Asteroids, robots, deadly virus perils

The rise of robots and deadly viruses are among the threats that could wipe out swathes of humanity – but governments are failing to prepare properly for them, a new report warns.


Catastrophic climate change, nuclear war and natural disasters such as super volcanoes and asteroids could also pose a deadly risk to mankind, researchers said.

It may sound like the stuff of sci-fi films, but experts said these apocalyptic threats are more likely than many realise.

The report Global Catastrophic Risks, compiled by a team from Oxford University, the Global Challenges Foundation and the Global Priorities Project, ranks dangers that could wipe out 10 per cent or more of the human population.

It warns that while most generations never experience a catastrophe, they are far from fanciful, as the bouts of plague and the 1918 Spanish flu that wiped out millions illustrated.

Sebastian Farquhar, director at the Global Priorities Project, told the Press Association: “There are some things that are on the horizon, things that probably won’t happen in any one year but could happen, which could completely reshape our world and do so in a really devastating and disastrous way.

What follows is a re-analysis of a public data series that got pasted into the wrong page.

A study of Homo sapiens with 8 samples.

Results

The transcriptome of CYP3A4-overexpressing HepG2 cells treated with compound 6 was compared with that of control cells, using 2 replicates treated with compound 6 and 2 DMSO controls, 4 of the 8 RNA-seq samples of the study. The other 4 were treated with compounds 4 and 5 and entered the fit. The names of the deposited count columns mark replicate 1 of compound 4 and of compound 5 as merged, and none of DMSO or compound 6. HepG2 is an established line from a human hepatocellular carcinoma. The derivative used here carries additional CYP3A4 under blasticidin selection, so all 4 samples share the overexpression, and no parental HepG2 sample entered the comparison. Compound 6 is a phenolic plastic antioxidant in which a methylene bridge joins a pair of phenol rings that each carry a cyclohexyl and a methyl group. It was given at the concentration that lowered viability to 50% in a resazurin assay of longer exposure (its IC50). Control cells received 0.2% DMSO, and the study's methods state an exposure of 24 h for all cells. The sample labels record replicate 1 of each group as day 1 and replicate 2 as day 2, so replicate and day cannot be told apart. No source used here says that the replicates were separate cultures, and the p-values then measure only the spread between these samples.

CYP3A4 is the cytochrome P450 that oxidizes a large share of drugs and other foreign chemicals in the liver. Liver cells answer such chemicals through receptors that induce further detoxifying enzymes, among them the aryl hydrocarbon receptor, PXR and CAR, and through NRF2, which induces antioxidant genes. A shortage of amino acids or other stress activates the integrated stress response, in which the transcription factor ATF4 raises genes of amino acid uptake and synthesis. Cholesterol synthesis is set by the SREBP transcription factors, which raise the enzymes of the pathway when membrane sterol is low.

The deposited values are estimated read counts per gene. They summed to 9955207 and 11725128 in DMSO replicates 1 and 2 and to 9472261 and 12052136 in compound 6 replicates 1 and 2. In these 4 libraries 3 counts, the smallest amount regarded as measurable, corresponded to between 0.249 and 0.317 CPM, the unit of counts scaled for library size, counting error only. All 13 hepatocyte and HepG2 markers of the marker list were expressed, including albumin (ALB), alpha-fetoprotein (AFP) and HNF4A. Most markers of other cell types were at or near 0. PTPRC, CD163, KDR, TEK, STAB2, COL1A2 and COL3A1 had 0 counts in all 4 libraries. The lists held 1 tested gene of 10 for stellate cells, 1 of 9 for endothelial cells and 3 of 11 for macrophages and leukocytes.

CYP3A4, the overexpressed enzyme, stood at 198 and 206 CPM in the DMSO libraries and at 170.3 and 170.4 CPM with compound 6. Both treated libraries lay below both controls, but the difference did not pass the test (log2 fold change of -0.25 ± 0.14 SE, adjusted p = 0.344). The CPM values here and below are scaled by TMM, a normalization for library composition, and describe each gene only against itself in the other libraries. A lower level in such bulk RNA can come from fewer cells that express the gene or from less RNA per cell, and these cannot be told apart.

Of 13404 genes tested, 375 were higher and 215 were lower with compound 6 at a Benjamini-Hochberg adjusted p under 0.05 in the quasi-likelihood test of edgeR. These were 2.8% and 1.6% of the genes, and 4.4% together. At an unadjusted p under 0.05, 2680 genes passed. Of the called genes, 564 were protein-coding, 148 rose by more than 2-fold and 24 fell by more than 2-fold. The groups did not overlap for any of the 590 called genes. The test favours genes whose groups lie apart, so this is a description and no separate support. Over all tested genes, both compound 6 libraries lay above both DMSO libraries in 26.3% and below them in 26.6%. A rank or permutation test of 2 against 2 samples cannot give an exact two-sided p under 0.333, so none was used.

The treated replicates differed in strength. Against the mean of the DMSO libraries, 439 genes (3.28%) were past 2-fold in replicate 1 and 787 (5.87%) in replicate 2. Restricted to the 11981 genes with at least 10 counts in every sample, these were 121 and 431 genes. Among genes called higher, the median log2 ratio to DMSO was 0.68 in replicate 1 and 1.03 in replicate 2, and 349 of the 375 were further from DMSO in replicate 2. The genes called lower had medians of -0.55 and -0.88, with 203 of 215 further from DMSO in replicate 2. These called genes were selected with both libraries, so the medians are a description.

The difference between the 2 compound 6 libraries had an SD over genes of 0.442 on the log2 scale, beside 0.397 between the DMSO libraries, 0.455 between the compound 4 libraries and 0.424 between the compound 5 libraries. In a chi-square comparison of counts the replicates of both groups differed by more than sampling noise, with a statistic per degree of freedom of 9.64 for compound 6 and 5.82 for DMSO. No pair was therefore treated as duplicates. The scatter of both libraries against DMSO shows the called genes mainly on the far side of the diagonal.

“History teaches us that many of these things are more likely than we intuitively think.

“Many of these risks are changing and growing as technologies change and grow and reshape our world. But there are also things we can do about the risks.”

In the next five years asteroids, super volcanic eruptions and unknown risks are ranked as the biggest threat to humanity.

In the longer term, the rise of artificial intelligence (AI) has been listed alongside catastrophic climate change, nuclear war and pandemics as a threat to humanity.

The biggest long term threat to civilisation is natural and engineered pandemics and nuclear war, according to the report.

Strides have been taken to cut the number of nuclear weapons in the world, but the rise of synthetic biology could open the door to the creation of “off the shelf” deadly viruses.

While the danger of a potent form of avian flu mutating and rapidly infecting humans could also kill many millions, researchers said.

Mr Farquhar said that while there is no evidence to suggest that in the “very near term” militant groups such as Islamic State (IS) will be able to manufacture their own viruses, this could be a future threat.

The report calls for the international community to improve planning for pandemics and health systems, investigate the possible risks of AI and biotechnology and continue to cut the number of nuclear weapons.

Mr Farquhar said ameliorating these risks “definitely requires international co-ordination”.

He said: “What is really important to remember is that many of these risks don’t stop at the borders and wait patiently for their passports to be checked, they are truly global in nature.

“This is not the sort of thing where one country can say ‘Oh well we are prepared and the rest of the world can fend for itself’. That is one of the things we saw with the Ebola crisis – how this thing spilled over national borders.”